News for Authors

Indies Talk Trends

by Milena Schmidt|October, 2013

As noted by CNN, independent bookstores have turned a corner against fierce online competition by focusing on events, community, and the personal touch. To find out how they are surviving and thriving in the digital age, we spoke with three booksellers: BookPeople in Austin, Texas; The King’s English Bookshop in Salt Lake City, Utah; and Bank Square Books in Mystic, Connecticut. 

RH: How would you describe your bookstore?

BookPeople: We are a large, award-winning bookstore in downtown Austin, open since 1970. While we sell all kinds of books, we have a particularly vibrant children’s section and run many children’s events, including literary-themed camps. We also have a crime-fiction themed store-within-a-store called MysteryPeople, which hosts numerous author events. 

The King’s English: We just celebrated our thirty-sixth birthday in an old house storefront in a neighborhood shopping district in Salt Lake City. New customers are surprised and delighted when they walk into what looks like a tiny store, only to find nine rooms filled to the rafters with books.

Bank Square Books: We’re located in Mystic, Connecticut, right across the street from Mystic Pizza. As a result we see a mix of tourists and loyal local customers. The store has been around for twenty-five years.

RH: What trends are you noticing at the store?

BookPeople: We’ve been fortunate enough to experience our best years in store history in the past three years. General adult book sales have grown steadily, helped by the closure of Borders and the nearby Barnes & Noble. Creating MysteryPeople has drastically improved our sales of crime fiction. We have also seen a marked increase in sales for children’s books.

The King’s English: We lost the New York Times bestsellers to the big box stores years ago and we are losing some paperback sales in certain genres to eReaders.  We have responded by curating our store differently and bringing in unique books that don’t translate as well to a device, such as New York Review of Books and Europa titles. We are also selling more and more YA and middle reader books, which has led to more events in this area and more cross-publisher cooperation. Additionally, we are selling more non-book items—but we use them as an opportunity to highlight books.

Bank Square Books:  We’ve just had the best summer since 2007, especially in kids’ but also in adult titles. Customers come into the store saying, “Thank God you’re still here,” because there’s always some blockbuster that customers want right away. We’ve also seen growing interest in international travel. 


RH: Have you had to change tactics to attract traffic to the store?

BookPeople: We have increased our focus on platforms like Twitter and Facebook, but we remain committed to our core values of excellent customer service, the desire to create a space for readers and authors to interact, and a passion for the written word.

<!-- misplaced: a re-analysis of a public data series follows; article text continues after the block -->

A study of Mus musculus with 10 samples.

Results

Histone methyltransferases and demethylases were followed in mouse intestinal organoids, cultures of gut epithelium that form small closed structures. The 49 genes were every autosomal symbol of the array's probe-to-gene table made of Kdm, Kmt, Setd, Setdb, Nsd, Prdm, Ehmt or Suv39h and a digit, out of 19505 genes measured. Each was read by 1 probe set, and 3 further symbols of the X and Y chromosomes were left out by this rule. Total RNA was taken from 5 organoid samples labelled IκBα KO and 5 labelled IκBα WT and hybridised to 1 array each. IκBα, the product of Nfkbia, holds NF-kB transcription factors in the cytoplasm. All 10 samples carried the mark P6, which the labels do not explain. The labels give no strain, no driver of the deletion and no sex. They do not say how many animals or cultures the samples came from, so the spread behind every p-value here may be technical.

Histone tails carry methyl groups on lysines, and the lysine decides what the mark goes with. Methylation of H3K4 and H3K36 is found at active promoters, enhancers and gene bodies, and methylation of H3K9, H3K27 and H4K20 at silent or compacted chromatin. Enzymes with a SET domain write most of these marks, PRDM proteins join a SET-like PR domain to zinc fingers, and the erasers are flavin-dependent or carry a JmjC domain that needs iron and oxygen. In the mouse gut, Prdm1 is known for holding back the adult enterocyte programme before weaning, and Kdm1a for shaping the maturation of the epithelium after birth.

The King’s English: We are doing more author appearances, reading groups, and story times to keep our store an active and interesting place. We rarely go more than a few days without an author event. We also focus on social media and blogging. Local bloggers help us get out the message that shopping local keeps us here, and keeps authors coming to Utah. We also partner with many local organizations such as the University of Utah, which helps us attract top-tier authors. 

Bank Square Books: We try to be careful to not inundate people with too many emails, but we do want them to know we’re here and are hosting great events. We do author lunches in the store, dinners with a local restaurant, and events with local libraries and schools. This year, we’re participating in Sherman Alexie’s Indies First Movement with a few local authors. We even plan to have editors wrap presents during the holiday season.  


How do your customers find out about new authors and books?

BookPeople: Our customers are influenced by our own recommendations (via our blog, social media, and handwritten staff selections in store). But they are obviously also swayed by national media sources such as author appearances on Colbert, Jon Stewart, or NPR. The New York Times Book Review often drives people into the store seeking out titles. However, our customer base seems to follow the Indie Bestseller List more than the New York Times bestseller list. 

Bank Square Books: Signed first editions are popular, and can help introduce customers to a new author or title. We also find that it really makes a difference if we can talk about an author to our customers. For example, we met Aaron Becker, author of the children’s book Journey, at an All About the Books event, and we were then able to share his personal story with our customers. We also did very well with Visitation Street by Ivy Pochoda, because Ivy had previously been a writer in residence in the area. People love learning about the story behind the book as they decide on titles. 


Milena Schmidt is part of the Random House Digital Publishing Group.